12 February 2007

Zlango! - Mind Your Language

I have mixed feelings about constructed languages. On the one hand, efforts like Esperanto seem utterly pointless to me: given that there several thousand real languages out there, some of which are quite widely spoken, why bother learning one that is made-up? On the other hand, efforts like Lojban are certainly interesting from an intellectual point of view.

My initial reaction to Zlango veered between these two extremes.

Zlango has created a new, inspiring icon based language which transforms web and mobile messaging into an expressive, juicy, colorful icon-based experience.

Zlango is a revolutionary, simple and practical language. It’s made up of over 200 icons divided into intuitive and memorable categories. Words, concepts or feelings can be expressed by the different icons.

Users love Zlango. They find Zlango easy to learn and master, and find that learning the language is unbelievably fast and amusing. They also say that using Zlango always generates a good and playful mood.

At first sight, this sounds pretty trivial. But the results are interesting. They show how very simple means can be adopted to communicate, albeit with an Indo-European bias, both in terms of structure and as far as the signs are concerned.

Of course, many will see this as further evidence of a "dumbing down" of language, brought about technology. But potentially Zlango could evolve in all sorts of interesting ways, particularly if its users are allowed to innovate and determine how new symbols should be added. In other words, Zlango needs to embrace standard Web 2.0 practices if it is to move beyond its relatively lowly beginnings. (Via TechCrunch.)

2 comments:

Matt Arnold said...

Mixed feelings make a lot of sense given that there is such a wide variety of reasons to get involved with artificial languages. Compare the goals of Esperanto, a replacement language, with Lojban, a mindbending hobby.

One doesn't learn Lojban with the intent of expanding the number of people one can speak to, like one would with Esperanto. That's an assumption taken from the mundane world of the average population, who consider learning their own first language a tiresome necessity, to say nothing of a second one! Many of them would wish to dispense with the bare minimum language learning required to communicate the practicalities of life in their immediate environment. By emphasizing inter-cultural communication in its global mission, Esperanto gives its adherents a respectable excuse to tell their family and friends who would rather avoid language learning altogether and can't imagine why anyone would enjoy language.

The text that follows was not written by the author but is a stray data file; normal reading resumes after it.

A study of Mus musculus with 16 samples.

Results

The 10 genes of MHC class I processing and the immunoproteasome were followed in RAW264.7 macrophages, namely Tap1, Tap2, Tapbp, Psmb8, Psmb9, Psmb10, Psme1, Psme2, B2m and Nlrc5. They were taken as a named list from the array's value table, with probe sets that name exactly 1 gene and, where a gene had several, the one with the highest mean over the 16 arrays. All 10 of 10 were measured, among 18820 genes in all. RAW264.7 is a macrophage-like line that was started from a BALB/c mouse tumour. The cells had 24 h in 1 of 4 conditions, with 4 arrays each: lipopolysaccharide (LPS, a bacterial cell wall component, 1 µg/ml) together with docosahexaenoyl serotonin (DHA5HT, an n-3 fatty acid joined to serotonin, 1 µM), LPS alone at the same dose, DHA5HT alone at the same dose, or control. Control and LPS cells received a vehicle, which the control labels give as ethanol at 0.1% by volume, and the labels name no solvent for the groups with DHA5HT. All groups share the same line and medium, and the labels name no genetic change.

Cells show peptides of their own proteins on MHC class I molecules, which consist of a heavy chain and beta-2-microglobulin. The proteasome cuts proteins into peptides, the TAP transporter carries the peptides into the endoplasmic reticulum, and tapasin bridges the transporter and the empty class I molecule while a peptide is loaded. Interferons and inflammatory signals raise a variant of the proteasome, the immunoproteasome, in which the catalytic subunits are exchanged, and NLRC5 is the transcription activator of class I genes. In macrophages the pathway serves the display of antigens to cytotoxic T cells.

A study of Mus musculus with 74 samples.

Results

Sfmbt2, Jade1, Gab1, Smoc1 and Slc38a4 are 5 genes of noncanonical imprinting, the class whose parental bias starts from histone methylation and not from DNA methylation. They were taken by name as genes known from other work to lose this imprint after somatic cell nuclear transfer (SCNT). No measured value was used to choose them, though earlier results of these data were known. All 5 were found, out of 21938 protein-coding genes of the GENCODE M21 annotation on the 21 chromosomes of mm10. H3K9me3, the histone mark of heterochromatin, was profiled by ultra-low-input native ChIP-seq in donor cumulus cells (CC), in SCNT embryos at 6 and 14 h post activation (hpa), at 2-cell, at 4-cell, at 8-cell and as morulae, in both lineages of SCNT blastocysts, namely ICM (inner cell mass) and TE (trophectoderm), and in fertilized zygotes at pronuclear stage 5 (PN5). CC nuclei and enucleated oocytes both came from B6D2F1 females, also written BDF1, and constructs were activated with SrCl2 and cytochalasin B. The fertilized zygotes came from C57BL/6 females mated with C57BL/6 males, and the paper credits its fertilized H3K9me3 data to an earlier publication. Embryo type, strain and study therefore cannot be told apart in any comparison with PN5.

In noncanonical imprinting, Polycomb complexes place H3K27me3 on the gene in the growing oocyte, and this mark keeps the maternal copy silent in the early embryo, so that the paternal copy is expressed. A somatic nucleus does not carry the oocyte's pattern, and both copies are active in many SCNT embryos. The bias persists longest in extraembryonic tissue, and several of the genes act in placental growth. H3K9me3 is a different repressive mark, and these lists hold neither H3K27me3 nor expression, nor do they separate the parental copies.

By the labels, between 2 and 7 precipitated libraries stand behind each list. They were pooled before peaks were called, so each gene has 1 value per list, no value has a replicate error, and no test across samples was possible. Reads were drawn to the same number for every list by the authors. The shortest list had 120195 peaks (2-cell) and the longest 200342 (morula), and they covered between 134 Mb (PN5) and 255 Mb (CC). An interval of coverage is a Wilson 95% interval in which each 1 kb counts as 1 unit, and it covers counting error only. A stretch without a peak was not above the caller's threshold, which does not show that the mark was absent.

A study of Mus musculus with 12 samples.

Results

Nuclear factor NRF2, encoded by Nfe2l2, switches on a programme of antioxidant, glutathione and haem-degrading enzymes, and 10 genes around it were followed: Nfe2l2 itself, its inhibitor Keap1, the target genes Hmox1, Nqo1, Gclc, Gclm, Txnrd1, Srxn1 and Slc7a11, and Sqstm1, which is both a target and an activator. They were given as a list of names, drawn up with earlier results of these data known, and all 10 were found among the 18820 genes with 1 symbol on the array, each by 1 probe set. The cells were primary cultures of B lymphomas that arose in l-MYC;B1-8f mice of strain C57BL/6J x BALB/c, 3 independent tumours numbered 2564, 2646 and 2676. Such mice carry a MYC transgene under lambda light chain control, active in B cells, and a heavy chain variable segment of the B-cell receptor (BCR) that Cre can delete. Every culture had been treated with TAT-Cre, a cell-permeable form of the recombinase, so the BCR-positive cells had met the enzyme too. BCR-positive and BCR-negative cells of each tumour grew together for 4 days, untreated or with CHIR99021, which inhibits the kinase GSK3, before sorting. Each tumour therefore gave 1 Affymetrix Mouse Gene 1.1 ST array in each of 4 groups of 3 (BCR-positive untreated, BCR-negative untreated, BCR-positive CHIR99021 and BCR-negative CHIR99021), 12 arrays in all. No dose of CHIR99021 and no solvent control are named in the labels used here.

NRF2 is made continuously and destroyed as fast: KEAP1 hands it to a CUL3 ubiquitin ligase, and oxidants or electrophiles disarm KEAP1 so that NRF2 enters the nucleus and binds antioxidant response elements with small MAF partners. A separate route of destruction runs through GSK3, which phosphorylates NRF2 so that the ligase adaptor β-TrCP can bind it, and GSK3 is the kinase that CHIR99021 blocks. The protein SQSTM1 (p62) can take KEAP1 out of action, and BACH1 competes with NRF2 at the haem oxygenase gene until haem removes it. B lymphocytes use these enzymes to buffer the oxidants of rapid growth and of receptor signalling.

I give that excuse my blessing, but I personally take seriously the phrase "let your geek flag fly". I fly it with pride and don't need a practical excuse for it. Lojban turns that flag into far more than a metaphor. It's our own secret geek code.

There's no opportunity to use Lojban other than on the internet; for a constructed language with a usably-large vocabulary and signifigant number of speakers, that gives it a unique place on the impracticality spectrum of languages. Lojban is a hobby, and like most hobbies from model ships to stamp collecting (do those confer "advantages"?), it's a way to practice certain enjoyable skills and explore a mystique. Lojban is a fun and fascinating game with which to learn about semantics and expand the mind. The mystique is in learning first-hand that the familiar things we grow up with and take for granted are really not the only way. Those who study Chinese, Hopi Indian, Farsi, Russian or Hindi might tell you that breaking out of their provincialistic mold and trying to look at the world from another side of the planet was an exhilarating experience. Lojban gives you all of these languages' features that are the most expressively flexible, and most unfamiliar, simultaneously. To a curious and exploratory individual, Lojban offers a veritable buffet menu of exotic expression tools. For such purposes, the challenge is a feature, not a bug.

So, which one has more bang for the buck? That depends what bang you're looking for. To get a "tiresome" process over with quick and speak to more people, choose Esperanto. To get a language with the meat of fascination hanging on its bones, more powerfully alien than Klingon could ever hope to be, for a direct injection of neuropetrol, choose Lojban.


-Matt Arnold, aka "Eppcott"
Logical Language Group Director
Penguicon Head of Programming

glyn moody said...

Thanks for that fascinating perspective on Lojban.

I love the phrase "a direct injection of neuropetrol": that sums up pretty well the buzz I get from learning languages - though I prefer to stick with the non-artificial kind.